Cornelia "Nina" Pillard was nominated to the D.C. Circuit by President Obama along with two others at the start of the summer, giving the Senate plenty of time to grill Pillard about her judicial record and personal philosophies.
So what do we know about Pillard, and what are her opponents saying about her?
What We're Pretty Certain Of
While she may not be getting much work done during the confirmation process, Pillard is currently a law professor at Georgetown University. She also co-authored a piece called "Against the New Maternalism" in the Michigan Journal of Gender and Law in 2012 (see the abstract here).
According to her CV, she's previously held positions in the DOJ, Attorney General, and Solicitor General's Offices, and she worked for both the NAACP and ACLU. She's an Ivy-leaguer for both undergrad and law school (Yale and Harvard, respectively) and was the editor of the Harvard Women's Law Journal for a year.
Pillard was also involved in representing female students in the landmark Virginia Military Institute case, so we can be pretty sure she agrees that teaching women math and science -- along with their male counterparts -- is a plus (sorry Justice Scalia).
Let the Speculation Begin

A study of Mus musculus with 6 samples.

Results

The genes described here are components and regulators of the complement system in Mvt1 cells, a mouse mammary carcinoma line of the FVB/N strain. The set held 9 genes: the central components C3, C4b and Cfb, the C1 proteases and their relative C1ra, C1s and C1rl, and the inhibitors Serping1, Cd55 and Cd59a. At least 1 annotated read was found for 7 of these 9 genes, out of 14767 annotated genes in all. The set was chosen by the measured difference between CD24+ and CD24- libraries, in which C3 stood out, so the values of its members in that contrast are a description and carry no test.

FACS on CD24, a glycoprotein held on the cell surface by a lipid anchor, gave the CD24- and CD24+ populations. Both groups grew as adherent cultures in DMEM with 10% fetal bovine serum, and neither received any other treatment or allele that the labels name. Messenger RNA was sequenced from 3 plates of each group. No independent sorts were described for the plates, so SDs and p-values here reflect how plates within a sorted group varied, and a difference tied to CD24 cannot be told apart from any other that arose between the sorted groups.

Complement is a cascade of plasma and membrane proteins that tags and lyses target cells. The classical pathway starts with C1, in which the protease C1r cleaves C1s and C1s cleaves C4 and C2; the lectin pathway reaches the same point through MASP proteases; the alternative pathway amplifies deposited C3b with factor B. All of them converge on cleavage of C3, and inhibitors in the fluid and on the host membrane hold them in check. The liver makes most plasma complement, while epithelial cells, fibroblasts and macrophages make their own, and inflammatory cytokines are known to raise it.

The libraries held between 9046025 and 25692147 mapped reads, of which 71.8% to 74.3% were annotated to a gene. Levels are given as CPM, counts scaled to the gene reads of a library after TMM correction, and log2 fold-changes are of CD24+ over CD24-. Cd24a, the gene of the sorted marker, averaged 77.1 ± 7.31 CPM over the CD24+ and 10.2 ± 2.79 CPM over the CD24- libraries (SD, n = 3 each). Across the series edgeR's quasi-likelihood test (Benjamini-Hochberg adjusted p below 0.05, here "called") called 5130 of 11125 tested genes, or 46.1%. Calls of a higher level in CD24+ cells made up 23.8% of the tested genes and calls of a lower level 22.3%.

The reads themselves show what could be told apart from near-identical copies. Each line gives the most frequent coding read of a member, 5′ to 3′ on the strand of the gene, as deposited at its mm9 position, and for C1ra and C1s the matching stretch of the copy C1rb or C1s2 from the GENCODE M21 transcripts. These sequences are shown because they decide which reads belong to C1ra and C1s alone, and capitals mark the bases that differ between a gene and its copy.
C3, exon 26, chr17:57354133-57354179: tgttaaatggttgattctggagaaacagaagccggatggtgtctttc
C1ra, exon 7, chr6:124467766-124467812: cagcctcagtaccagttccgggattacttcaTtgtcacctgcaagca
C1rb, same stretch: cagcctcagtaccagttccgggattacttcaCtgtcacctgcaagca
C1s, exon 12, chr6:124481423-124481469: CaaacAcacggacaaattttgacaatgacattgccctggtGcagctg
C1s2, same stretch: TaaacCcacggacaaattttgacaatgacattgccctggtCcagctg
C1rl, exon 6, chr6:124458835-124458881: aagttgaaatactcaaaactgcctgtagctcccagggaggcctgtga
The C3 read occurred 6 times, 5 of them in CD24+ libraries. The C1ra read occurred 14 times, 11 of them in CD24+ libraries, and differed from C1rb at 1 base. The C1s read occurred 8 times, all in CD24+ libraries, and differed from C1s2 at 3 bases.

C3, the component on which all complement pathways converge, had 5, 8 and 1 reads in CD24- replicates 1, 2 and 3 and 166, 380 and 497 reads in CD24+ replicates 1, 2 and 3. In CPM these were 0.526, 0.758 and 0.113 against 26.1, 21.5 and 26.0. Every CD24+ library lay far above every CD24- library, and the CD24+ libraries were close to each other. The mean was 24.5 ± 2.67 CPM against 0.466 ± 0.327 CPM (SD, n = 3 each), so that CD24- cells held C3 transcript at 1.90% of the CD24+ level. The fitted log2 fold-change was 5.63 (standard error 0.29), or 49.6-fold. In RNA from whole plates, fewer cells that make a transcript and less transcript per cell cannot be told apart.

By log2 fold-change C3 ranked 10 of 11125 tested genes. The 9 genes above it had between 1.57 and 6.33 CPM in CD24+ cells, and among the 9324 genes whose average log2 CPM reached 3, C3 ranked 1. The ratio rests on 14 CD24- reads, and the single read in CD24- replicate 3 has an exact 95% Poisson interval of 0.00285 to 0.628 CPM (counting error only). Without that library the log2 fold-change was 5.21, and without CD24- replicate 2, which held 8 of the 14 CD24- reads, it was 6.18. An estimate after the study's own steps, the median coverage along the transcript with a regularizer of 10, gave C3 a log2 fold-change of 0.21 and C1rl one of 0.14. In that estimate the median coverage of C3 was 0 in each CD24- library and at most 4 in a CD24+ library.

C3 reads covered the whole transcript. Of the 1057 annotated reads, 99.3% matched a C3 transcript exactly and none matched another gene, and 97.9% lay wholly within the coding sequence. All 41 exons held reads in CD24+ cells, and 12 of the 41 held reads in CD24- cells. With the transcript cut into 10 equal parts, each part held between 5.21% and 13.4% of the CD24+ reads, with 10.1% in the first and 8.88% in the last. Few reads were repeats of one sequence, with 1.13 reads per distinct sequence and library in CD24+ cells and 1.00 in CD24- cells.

The rest of Pillard's background and philosophy has been the subject of great speculation over the summer months, with her opponents decrying her as a radical feminist.
Slate's Dahlia Lithwick believes that much of the pushback to Pillard's confirmation to one of three vacant D.C. circuit spots is part of a larger dialogue of cardboard representations of a person who has spoken on gender equality as a militant femi-nazi.
Conservative opponents have leaned particularly hard on Pillard's views of reproductive choices and contraception, with some sources going so far as to call her confirmation testimony "false and deceptive" with respect to her views on the subject.
National Review Online's Ed Whelan takes real umbrage with Pillard's assertion that she would not seek to "restyle" constitutional law, when Pillard has made statements the line of non-procreative sex cases from Griswold to Lawrence suggest that women should have "ready access to safe and effective birth control."
Her opponents have some reason to be concerned about her record; members of the D.C. Circuit have a habit of making it into the Supreme Court (like Chief Justice Roberts). That said, judges change their positions on cases often throughout their tenure in the D.C. Circuit and SCOTUS, so maybe we should take Pillard's hearing with a giant grain of salt.